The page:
Dedicated people applying science in the name of vigilance

I might be accused of favouritism but in one case I don’t care. I have written recent blog posts about the exciting work being done by Defra’s scientists at our Centre for Environment, Fisheries and Aquatic Science (CEFAS). I now want to highlight the great work being done at the Animal and Plant Health Agency (APHA).

Britain is great at science, there is no doubt. We have one of the strongest university research sectors in the world and are investing in imaginative new institutions such as The Francis Crick and The Alan Turing Institutes. These and other places often produce stories about new discoveries which will eventually lead to some excellent innovation, some of which will incrementally make our lives better and a very small number of which could genuinely change our lives.

This is all good stuff, but we have a tendency to shine the spotlight on a certain kind of science that captures our imaginations about a different and better future rather than science which keeps the show on the road. This is what large numbers of government scientists spend their time doing.

This is exemplified by the scientists working at the Animal and Plant Health Agency. These individuals are largely responsible for keeping our farm animals, pets including dogs and cats, bees and our plants including our horticultural crops, cereals and our garden plants safe from disease and unwanted pests. They are the skilled boffins who can identify these diseases and pests and stop them arriving here in Britain. They also develop new control methods for them and add certainty to decisions made by ministers about what to do in cases of emerging disease.

For example, bovine tuberculosis is one of the most difficult diseases to manage and it is endemic in cattle and some wildlife, mainly badgers. The whole issue about how to deal with this has been hugely controversial mainly because badger culling in some places has emerged as one of the solutions. But culling badgers is a small part of the overall effort to control and understand the disease. Much of the other work, such as trying to find a better test for the presence of TB in cattle or testing new vaccines, goes unreported. The work of APHA’s scientists tends not to hit the headlines because it’s hard to report on work where the results emerge slowly – it will take decades to bring bovine tuberculosis under control. But a small victory for the scientists at APHA will hopefully come next year when the intention is to apply to the European Commission to have northern and eastern England declared officially free of bovine tuberculosis.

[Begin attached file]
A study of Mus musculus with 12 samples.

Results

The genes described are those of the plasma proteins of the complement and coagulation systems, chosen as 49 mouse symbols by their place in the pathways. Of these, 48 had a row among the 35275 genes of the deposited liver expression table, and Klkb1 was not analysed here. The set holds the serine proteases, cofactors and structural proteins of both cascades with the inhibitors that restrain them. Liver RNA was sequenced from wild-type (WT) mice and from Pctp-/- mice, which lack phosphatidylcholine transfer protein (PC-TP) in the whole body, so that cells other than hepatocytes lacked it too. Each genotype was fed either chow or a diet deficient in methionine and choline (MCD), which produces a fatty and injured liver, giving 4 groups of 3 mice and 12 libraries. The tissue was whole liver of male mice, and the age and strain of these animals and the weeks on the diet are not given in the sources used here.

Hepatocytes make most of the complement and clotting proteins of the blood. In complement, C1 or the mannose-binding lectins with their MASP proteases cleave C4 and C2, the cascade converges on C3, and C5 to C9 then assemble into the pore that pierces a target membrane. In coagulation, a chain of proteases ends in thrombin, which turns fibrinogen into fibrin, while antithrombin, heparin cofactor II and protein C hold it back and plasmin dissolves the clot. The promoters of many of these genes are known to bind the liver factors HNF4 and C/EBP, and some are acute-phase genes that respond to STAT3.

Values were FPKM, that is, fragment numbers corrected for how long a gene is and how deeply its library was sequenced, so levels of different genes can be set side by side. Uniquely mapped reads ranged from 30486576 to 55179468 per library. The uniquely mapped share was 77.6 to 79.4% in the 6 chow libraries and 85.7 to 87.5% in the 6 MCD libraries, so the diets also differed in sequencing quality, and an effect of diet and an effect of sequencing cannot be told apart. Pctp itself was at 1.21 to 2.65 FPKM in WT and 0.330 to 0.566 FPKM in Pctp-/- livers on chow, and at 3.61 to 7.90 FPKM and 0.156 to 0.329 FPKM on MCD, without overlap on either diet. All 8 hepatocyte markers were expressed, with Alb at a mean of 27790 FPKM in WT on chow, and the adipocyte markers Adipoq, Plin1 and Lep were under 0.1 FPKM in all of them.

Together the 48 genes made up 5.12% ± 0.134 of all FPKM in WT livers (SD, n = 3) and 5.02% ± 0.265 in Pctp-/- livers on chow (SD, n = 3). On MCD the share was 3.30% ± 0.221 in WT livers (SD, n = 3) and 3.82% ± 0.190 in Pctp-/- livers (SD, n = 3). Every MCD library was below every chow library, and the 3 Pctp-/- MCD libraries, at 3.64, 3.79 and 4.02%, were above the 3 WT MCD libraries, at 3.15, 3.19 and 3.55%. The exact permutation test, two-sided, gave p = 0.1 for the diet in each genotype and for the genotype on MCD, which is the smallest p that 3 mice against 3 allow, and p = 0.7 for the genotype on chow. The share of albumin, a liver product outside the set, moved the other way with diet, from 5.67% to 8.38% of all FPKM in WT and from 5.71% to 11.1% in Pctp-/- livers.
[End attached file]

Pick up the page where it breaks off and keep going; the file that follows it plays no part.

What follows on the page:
Nobody should under-represent the huge effort in terms of the lives and careers of the scientists at APHA in getting to such a milestone. However, they also know that eliminating bovine TB from all of England is almost certainly something that none of them will achieve in their careers, such is the size of the task at hand. But they will happily make their contribution to this long-term effort. I want to shout to the gallery in praise of their heroic efforts even if they themselves remain quiet and modest about their contribution.

Something we are often unaware of is that diseases are always changing. The scientists in APHA recognise well known diseases like rabies, TB and anthrax as fairly well fixed entities but they are also very aware of the unpredictable nature of disease. The pathogen which is causing ash die-back and caused so much controversy in 2013 was a benign fungus which changed to become a pathogenic fungus. Avian influenza, like all influenza viruses, is another of those highly variable diseases which can change from a low pathogenic strain to become highly pathogenic in the blink of an eye. It can also change from being a pathogen in birds to a pathogen in people too.

Transmissible spongiform encephalopathies (TSEs), also known as prion diseases, gave rise to a version in cattle in the 1990s known to everybody as BSE. Another version of this has emerged in deer in North America. Known as Chronic Wasting Disease, it has recently appeared in a few deer in Scandinavia. As far as we know it has very low transmissibility to people but we need to be cautious. TSEs are a complex and perplexing kind of disease which can emerge spontaneously.

Added to this there are many viral diseases which could mutate to become a problem – ebola and HIV are likely examples which probably transmitted from other species to people.

Spread of non-native invasive species is also a constant concern, such as the unwelcome Asian Hornet which eats honey bees, spotted earlier this year. Scientists at APHA are always on the look out to quickly identify these pests and stop them in their tracks before they spread beyond control.

The scientists at APHA scan this disease and pest landscape on our behalf and are ever vigilant. It is easy to forget them and as a result forget what they do for us to sustain the food we eat, our trading position in the world and our own health. Taking five minutes to check out the work APHA do is well worthwhile.